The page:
Published on December 01, 2020

Midland Teacher Presented with Heartsaver Hero Award After Saving Student’s Life

Pictured center are Landon Stanford, sixth grader at Jefferson Middle School, and teacher Brent Doty (on his left) at the ceremony for Doty’s Heartsaver Hero Award. They are surrounded by the additional individuals who played a part in helping Landon survive a heart event on his school grounds.

Pictured center are Landon Stanford, sixth grader at Jefferson Middle School, and teacher Brent Doty (on his left) at the ceremony for Doty’s Heartsaver Hero Award. They are surrounded by the additional individuals who played a part in helping Landon survive a heart event on his school grounds.

Teachers are sometimes referred to as lifesavers when it comes to helping students excel in the classroom, but Brent Doty never expected to use his CPR training to literally save a life on the grounds of Jefferson Middle School in Midland.

Like his co-workers, Doty had been trained in emergency preparedness, including CPR. When two friends of sixth grader Landon Stanford ran to Doty explaining that he had passed out on the playground and they didn’t think he was breathing, Doty didn’t hesitate. He got to Stanford as quickly as he could, asking a colleague to dial 911 as he prepared to begin compressions.

“It had been a little while since my last training,” said Doty. “But the dispatcher stayed on the line with me and talked me through it. She gave instructions and helped me stay calm. I was so focused that I don’t remember my colleague asking whether he could take over for me, and my turning him down. I had gotten Landon to take a few shallow breaths, so I guess I felt like I needed to stick with it.” In fact, Doty was so dialed in, he delivered compressions with the phone sandwiched between his neck and shoulder the whole time; the thought of putting the dispatcher on speaker phone didn’t enter his mind.

Fortunately, an ambulance was in close proximity to the school when they received the call. It took an EMS team only eight minutes to reach Stanford. When they did, they were required to use an automated external defibrillator (AED) to restart his heart. Midland’s police and fire departments were also on the scene to assist EMS in getting Stanford ready for transport to the Emergency Department at MidMichigan Medical Center – Midland.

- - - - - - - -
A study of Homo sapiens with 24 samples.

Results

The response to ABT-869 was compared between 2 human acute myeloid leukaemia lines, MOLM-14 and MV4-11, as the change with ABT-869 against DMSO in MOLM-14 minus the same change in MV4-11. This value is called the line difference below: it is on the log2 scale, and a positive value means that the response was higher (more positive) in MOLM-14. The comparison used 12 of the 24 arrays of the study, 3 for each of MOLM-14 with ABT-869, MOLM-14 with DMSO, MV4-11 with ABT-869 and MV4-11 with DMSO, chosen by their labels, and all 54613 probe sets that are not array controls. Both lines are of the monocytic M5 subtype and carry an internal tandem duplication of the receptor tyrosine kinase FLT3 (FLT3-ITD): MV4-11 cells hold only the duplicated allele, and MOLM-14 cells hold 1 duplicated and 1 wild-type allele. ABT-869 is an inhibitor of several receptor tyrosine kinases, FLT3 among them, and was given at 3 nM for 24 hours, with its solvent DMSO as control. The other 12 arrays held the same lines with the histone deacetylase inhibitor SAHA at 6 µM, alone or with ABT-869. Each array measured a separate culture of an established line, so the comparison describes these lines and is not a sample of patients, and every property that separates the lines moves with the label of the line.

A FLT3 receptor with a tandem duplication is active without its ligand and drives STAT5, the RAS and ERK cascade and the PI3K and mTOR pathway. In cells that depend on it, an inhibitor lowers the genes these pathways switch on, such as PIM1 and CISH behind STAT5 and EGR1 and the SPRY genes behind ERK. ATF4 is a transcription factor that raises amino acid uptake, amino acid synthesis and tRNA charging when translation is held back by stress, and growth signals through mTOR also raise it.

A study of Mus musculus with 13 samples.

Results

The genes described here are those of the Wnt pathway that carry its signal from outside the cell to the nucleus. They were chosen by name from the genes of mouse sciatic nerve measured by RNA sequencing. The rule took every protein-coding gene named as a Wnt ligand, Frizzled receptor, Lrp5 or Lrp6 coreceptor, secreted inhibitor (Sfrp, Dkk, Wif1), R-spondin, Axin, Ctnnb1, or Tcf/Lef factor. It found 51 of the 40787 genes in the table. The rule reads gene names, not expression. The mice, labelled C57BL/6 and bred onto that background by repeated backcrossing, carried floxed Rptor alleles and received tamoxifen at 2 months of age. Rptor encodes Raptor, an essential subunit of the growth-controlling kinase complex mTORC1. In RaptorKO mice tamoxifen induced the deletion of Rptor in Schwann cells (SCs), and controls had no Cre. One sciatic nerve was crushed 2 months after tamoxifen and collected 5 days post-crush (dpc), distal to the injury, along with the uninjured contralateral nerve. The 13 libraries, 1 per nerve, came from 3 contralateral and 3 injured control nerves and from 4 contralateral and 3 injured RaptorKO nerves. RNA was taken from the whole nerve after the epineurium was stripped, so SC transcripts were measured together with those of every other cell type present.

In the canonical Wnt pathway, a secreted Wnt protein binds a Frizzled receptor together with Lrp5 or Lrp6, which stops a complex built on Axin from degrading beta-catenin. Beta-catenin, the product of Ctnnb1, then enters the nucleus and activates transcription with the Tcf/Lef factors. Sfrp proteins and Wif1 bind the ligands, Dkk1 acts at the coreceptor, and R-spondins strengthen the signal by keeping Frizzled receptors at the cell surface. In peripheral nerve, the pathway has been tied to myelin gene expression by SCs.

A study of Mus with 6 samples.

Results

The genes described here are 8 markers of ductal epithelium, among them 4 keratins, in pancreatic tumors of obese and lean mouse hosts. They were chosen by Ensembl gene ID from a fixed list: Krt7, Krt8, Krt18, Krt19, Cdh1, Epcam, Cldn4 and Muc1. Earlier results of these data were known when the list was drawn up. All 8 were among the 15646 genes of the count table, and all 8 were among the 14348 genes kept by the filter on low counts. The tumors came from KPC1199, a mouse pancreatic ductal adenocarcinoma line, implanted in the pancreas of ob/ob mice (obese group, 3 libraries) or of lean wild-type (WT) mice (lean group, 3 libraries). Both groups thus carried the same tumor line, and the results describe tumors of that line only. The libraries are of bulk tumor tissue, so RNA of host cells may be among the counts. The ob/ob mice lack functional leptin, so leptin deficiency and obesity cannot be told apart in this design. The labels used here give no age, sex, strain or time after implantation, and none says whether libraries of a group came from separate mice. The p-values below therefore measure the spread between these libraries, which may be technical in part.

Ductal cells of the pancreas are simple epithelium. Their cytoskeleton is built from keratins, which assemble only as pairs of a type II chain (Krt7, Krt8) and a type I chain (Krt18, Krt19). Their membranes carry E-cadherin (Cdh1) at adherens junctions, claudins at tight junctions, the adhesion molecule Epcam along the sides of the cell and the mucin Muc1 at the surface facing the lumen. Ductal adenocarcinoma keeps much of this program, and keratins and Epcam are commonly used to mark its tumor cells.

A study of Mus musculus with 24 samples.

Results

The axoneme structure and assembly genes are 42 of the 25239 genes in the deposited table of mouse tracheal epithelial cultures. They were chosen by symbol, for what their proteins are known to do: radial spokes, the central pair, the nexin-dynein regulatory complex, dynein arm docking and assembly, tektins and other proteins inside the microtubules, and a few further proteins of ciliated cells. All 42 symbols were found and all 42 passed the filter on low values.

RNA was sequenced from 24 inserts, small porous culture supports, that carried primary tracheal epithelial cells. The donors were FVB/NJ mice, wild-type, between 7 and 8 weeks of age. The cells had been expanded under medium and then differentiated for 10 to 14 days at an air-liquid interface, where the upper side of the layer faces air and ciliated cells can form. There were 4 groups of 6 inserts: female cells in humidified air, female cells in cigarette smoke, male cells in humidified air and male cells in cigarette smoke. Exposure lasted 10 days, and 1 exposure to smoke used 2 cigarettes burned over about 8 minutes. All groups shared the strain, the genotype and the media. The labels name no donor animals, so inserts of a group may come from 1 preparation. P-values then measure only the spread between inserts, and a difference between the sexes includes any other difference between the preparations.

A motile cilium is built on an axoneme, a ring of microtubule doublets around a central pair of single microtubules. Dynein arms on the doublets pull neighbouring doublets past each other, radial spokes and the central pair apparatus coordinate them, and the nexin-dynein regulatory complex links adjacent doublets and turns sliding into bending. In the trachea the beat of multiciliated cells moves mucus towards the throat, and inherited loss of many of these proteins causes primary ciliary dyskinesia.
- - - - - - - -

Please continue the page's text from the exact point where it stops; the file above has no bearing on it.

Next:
He had a pulse and his breathing was being assisted by EMS with bag valve mask ventilation. “Mr. Doty performed bystander CPR, which kept his blood circulating through his heart and delivered vital oxygen to his brain and other organs until the first responders arrived,” said Heather Bartlett, B.S.N., R.N., a clinical nurse specialist in the Emergency Department at MidMichigan Medical Center – Midland. “If he had not begun CPR as quickly as he did, it could have caused irreversible brain damage or death. He truly was one of the critical links in the chain of survival for Landon that day.”

Emergency Medicine Physician Emily McLaren, M.D., intubated Stanford. “The emergency team was so great,” said Brandie Stanford, Landon’s mother. “While we waited for them to stabilize Landon, they were so calm and caring, very professional. I can’t say enough about the staff there.” Stanford was transported via helicopter to C.S. Mott Children’s Hospital in Ann Arbor in critical, yet stable condition. Mott’s is affiliated with MidMichigan’s partners at Michigan Medicine, the health care division of the University of Michigan.

Today, Stanford is active and has resumed his normal activities. The incident he survived remains unexplained, but he now has a defibrillator implanted should something similar happen again. “We had been told that all the stars aligned to save Landon: his friends, teachers, the dispatcher, EMS and the team at the Medical Center were all at the right place at the right time to help him,” said Brandie. “It was text book, and that was obvious when we gathered for the presentation of Mr. Doty’s award. All the participants involved in Midland that day were there, and it was really powerful. We are so grateful.”

Doty was presented with the American Heart Association’s Heartsaver Hero Award in recognition of his quick action in an emergency. The ceremony was held outside at the school with Stanford’s family and all the players from that day. “It was emotional,” said Doty. “I had hoped what I had done was enough to help Landon to the next step. To see him back to walking the halls of the school with his friends, well, that’s a pretty incredible feeling.”

The American Heart Association offers CPR training classes all across the country. Those interested in more information on community training dates hosted by MidMichigan Health may visit www.midmichigan.org/communitycpr or call Education Services and Development at (989) 839-1954. Those who would like to learn more about the American Heart Association may visit www.heart.org.